Every designer should have a type hero. Mine happens to be Hendrik Nicolaas Werkman, more commonly known as H.N. Werkman. He’s not as well-known as other modern typographers of his era, but his work was just as innovative, if not more so, than his contemporaries such as Kurt Schwitters (whom I also love), Theo Van Doesburg and El Lissitsky.
I first learned of Werkman during my final semester of college while attending a demonstration at Rick Griffith’s Matter Studio. After Rick named Werkman as a major influence in his life, I began to study his work. Instantly, I became hooked. This happened at just the right time for me; my work had evolved into a typographical and exploratory focus, and it was amazing to come across someone whose vision and philosophy aligned with mine.
Hendrik first became interested in art at age fourteen, when he visited a Van Gogh exhibition (Van Gogh is my favorite painter as well, so I was pretty stoked to learn that). He worked in various print shops and also dabbled in journalism and photography. He started his own press in 1908 and was able to make ends meet, mostly due to the financial assistance of his father-in-law. In 1907, Werkman’s wife died. He must’ve gotten over it quickly, because he remarried less than six months later. Ex-Daddy-in-law was not so thrilled, and he cut financial ties which forced Werkman out of the press. Werkman opened a smaller press soon after, where he focused on producing prints and tried his hand at painting.
Needing a creative outlet, Hendrik created The Next Call, a publication on experimental typography and poetry. It was an attempt to create something new, exciting, and innovative, as well as a response to the rigid conservatism of his De Ploeg peers. The Next Call became an outlet for Werkman’s experimental printing techniques. Using a handpress designed by Christian Dingler, he would place paper on the bed and then press the inked type face down upon it. This technique allowed him to vary the color, ink, and pressure of his prints, and he could even print two or more shapes simultaneously in different colors, something that couldn’t be achieved with conventional printing. Werkman treated type as an artistic element, separate and independent from its function as a communication device. This aspect of his work is what I find the most interesting; in fact, I explore the issue of type as more than a communication element in my website Behind the Type. I’d like to think Hendrik would have enjoyed my site.
Always looking to push the boundaries of his work, Werkman created prints that he dubbed “druksels,” which were basically letterpress collages. He would print with any materials he could find, including type, wood letters, the backs of wood letters, even scraps of cardboard. He manipulated the shape of wood blocks by placing an extra strip of paper between the block and the paper. In addition to his druksels, Werkman created drawings on a typewriter and called them “tiksels.” Members of the De Stijl movement were doing similar things during this time; however, those were more like poems. Werkman’s drawings were pure abstractions.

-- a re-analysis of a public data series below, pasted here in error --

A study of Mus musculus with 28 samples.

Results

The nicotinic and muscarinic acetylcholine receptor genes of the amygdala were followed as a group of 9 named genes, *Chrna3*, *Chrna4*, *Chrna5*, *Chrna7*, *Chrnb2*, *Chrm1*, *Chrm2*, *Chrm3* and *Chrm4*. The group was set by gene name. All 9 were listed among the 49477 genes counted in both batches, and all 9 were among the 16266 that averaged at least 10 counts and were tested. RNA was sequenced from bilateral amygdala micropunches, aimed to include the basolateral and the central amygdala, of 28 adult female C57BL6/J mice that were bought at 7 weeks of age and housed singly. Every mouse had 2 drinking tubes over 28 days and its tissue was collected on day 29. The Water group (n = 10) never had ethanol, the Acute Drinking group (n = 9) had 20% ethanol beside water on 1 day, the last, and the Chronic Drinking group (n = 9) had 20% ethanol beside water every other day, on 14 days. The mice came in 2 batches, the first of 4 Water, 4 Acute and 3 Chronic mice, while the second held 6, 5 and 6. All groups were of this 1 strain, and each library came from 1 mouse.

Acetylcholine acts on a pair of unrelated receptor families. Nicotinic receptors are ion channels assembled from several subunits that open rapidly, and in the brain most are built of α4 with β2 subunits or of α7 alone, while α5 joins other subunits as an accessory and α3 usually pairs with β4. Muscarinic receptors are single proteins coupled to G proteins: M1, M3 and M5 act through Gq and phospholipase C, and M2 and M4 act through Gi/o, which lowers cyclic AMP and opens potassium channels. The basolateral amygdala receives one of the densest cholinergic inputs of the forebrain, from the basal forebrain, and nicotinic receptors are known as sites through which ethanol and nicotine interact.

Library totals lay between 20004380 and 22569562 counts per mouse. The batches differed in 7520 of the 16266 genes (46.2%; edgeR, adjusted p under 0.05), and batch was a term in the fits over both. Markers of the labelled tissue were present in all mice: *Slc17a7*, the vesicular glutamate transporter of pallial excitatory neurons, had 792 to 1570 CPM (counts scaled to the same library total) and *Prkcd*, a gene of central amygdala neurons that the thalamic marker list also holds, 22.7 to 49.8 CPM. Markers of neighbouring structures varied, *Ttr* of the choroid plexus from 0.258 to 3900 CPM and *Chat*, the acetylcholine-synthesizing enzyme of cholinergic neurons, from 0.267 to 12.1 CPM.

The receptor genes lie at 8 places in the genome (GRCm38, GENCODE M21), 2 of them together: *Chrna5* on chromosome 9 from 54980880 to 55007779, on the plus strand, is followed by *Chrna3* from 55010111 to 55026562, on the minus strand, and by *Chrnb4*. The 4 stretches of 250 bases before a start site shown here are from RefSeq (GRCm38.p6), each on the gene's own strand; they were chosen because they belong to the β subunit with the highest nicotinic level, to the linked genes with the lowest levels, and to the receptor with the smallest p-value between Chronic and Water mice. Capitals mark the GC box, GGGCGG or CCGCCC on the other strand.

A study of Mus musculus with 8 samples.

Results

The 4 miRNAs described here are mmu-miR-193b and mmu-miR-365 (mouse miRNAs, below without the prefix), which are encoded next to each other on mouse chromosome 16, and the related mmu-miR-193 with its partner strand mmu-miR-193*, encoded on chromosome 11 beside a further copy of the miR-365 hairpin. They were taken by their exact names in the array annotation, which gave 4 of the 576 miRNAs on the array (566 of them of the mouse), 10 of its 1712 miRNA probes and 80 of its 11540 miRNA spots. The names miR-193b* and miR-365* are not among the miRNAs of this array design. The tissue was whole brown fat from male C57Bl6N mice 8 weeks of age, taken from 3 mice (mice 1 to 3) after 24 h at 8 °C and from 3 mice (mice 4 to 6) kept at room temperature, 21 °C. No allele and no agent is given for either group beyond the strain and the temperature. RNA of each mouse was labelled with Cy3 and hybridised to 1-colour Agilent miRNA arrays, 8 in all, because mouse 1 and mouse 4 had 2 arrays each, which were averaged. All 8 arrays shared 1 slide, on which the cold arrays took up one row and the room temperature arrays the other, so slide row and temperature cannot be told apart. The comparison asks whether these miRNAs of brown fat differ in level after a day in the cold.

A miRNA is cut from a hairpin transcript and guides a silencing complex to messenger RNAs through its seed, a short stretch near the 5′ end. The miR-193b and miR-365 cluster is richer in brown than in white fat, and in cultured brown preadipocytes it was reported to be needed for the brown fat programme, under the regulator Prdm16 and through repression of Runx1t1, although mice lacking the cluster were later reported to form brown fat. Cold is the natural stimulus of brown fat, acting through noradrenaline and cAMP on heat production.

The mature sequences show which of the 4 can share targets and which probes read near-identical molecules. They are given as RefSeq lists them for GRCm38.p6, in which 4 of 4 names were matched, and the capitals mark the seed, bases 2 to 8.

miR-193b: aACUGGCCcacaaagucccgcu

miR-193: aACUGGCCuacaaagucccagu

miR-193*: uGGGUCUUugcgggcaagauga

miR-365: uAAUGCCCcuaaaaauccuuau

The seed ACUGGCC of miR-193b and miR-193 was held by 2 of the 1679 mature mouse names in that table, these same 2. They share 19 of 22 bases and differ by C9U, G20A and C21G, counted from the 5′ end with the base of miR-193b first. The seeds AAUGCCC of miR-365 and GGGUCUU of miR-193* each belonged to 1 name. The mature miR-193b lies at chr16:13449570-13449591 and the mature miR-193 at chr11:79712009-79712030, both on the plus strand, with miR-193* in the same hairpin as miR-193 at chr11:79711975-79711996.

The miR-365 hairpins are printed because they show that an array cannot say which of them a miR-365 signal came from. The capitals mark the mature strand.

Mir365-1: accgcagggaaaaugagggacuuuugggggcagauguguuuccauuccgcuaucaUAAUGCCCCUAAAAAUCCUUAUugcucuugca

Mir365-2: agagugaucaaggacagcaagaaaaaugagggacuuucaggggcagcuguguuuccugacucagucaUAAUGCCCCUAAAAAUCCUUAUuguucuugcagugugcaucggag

In 1940, Germany began its occupation of the Netherlands, which deeply affected Werkman. The war severely depleted his printing supplies, and he grew increasingly wary of the printing business. He was arrested by Nazi Security Police in 1945, most likely due to his identification with Jews through publications he helped produce. Most of Hendrik’s work, including prints, important documents, publications, druksels, and paintings were destroyed in an explosion during a battle.
So there is some background of my favorite typographer. If I had to choose one thing I most identified with, it would be Hendrik’s search for meaning in his work. There was always something more to his designs than just communication; there was a sense of spirit that breathed life into his work. When I create something, I also strive to make something meaningful, something that speaks to the viewer on different levels beyond what’s on the surface. Werkman’s quest for innovation is very inspiring, and his willingness to take risks gives me courage to push my own boundaries. As designers, we should always be curious explorers, and H.N. Werkman’s designs are reminders of what is possible when technique and vision converge.